CNN anchor Jake Tapper relentlessly grilled Sen. Joe Manchin (D-WV) on Sunday morning over the conservative Democrat’s push to water down the recently passed coronavirus relief bill, wondering aloud why the West Virginia lawmaker fought so hard for “less help” during this “cruel economic time.”
Prior to Saturday’s passage of the massive bill, which if signed into law will provide $1400 stimulus checks to tens of millions of Americans, the process was brought to a 12-hour standstill during the Senate’s nearly daylong “vote-a-rama.” This amounted in large part to Democrats working frantically to win support from Manchin. After forcing modifications to the bill that included a reduction in the duration and amount of expanded unemployment benefits, Manchin eventually relented and voted in support of the sweeping relief package.
Manchin, who appeared on four separate news shows on Sunday morning, found himself immediately confronted by Tapper over his push to weaken the bill during his interview on CNN’s State of the Union.
“So after changes that you pushed for, enhanced federal unemployment benefits now expire about a month earlier and there’s a new income cap for writing them off on your taxes,” Tapper stated. “I have to say, you represent one of the lowest-income states in the nation. Why were you fighting for less help for citizens during this cruel economic time?”
Manchin, for his part, claimed that all he did was “make sure we were targeting where the help was needed,” adding that due to the child tax credits contained in the relief package that they are “giving more help to individuals than ever before.” At the same time, he defended the income cap for tax deductions contained in the bill.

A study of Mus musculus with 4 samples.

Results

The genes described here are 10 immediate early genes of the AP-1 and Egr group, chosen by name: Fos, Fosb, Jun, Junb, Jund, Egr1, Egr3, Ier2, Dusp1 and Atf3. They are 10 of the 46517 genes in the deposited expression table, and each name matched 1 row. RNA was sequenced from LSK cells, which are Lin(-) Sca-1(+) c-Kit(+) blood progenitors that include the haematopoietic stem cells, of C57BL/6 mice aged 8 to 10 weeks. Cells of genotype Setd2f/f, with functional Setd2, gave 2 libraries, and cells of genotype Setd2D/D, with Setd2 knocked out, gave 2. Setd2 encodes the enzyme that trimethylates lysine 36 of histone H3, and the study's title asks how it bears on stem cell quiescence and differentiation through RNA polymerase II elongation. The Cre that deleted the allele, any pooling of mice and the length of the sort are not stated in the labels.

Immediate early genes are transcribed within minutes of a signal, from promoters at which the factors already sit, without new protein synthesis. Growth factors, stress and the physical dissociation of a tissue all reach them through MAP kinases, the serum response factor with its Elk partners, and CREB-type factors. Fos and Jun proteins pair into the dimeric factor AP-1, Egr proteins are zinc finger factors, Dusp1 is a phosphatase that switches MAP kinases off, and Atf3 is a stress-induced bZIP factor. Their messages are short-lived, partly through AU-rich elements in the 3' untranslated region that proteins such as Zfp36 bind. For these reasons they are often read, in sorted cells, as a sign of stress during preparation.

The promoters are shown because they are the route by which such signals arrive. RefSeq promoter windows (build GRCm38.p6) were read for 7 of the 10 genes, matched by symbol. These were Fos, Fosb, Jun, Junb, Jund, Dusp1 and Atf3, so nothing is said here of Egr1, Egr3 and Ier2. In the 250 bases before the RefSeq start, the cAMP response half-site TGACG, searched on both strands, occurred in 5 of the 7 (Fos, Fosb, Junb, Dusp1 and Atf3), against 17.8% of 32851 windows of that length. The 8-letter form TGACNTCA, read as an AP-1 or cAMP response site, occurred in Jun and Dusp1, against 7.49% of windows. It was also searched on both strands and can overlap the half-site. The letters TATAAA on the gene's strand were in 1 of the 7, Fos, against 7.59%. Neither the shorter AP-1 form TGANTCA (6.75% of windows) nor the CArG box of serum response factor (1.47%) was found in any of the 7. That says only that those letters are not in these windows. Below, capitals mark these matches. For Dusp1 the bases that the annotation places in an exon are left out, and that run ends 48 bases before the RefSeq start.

“We capped it that anybody over $150,000 could not use that offset,” he said. “Anybody below it that is struggling and working, or the middle class, is able to do that. That was a fair compromise. We worked through that and got it done.”
But the CNN anchor pointed out even if bipartisanship is “very important” to Manchin, no Republicans ended up supporting the legislation in the end.
“Who do you blame for the fact that this bill got no Republican support in Congress?” Tapper pressed.
“I never do place blame. What I do place is basically we don’t have the tolerance to sit down and work more,” the senator responded, adding: “This was more of a bipartisan bill than you might think.”
Tapper eventually swung the conversation to the failed attempt to include a $15 minimum wage in the bill, noting that Manchin and moderate Arizona Sen. Kyrsten Sinema have been singled out by progressives for holding back and calling for a smaller wage increase.
While Manchin said that there isn’t one member of the Senate that doesn’t want to increase the federal minimum wage, he continued to indicate that $15 is too much of a jump despite polls showing broad support for just that.
“You figure the numbers, it comes out to $11,” the West Virginia lawmaker said. “That is how I got to 11. We can do that very quickly, too, within a couple of years. Once we get to $11, it should be indexed for inflation so it never becomes a political football again.”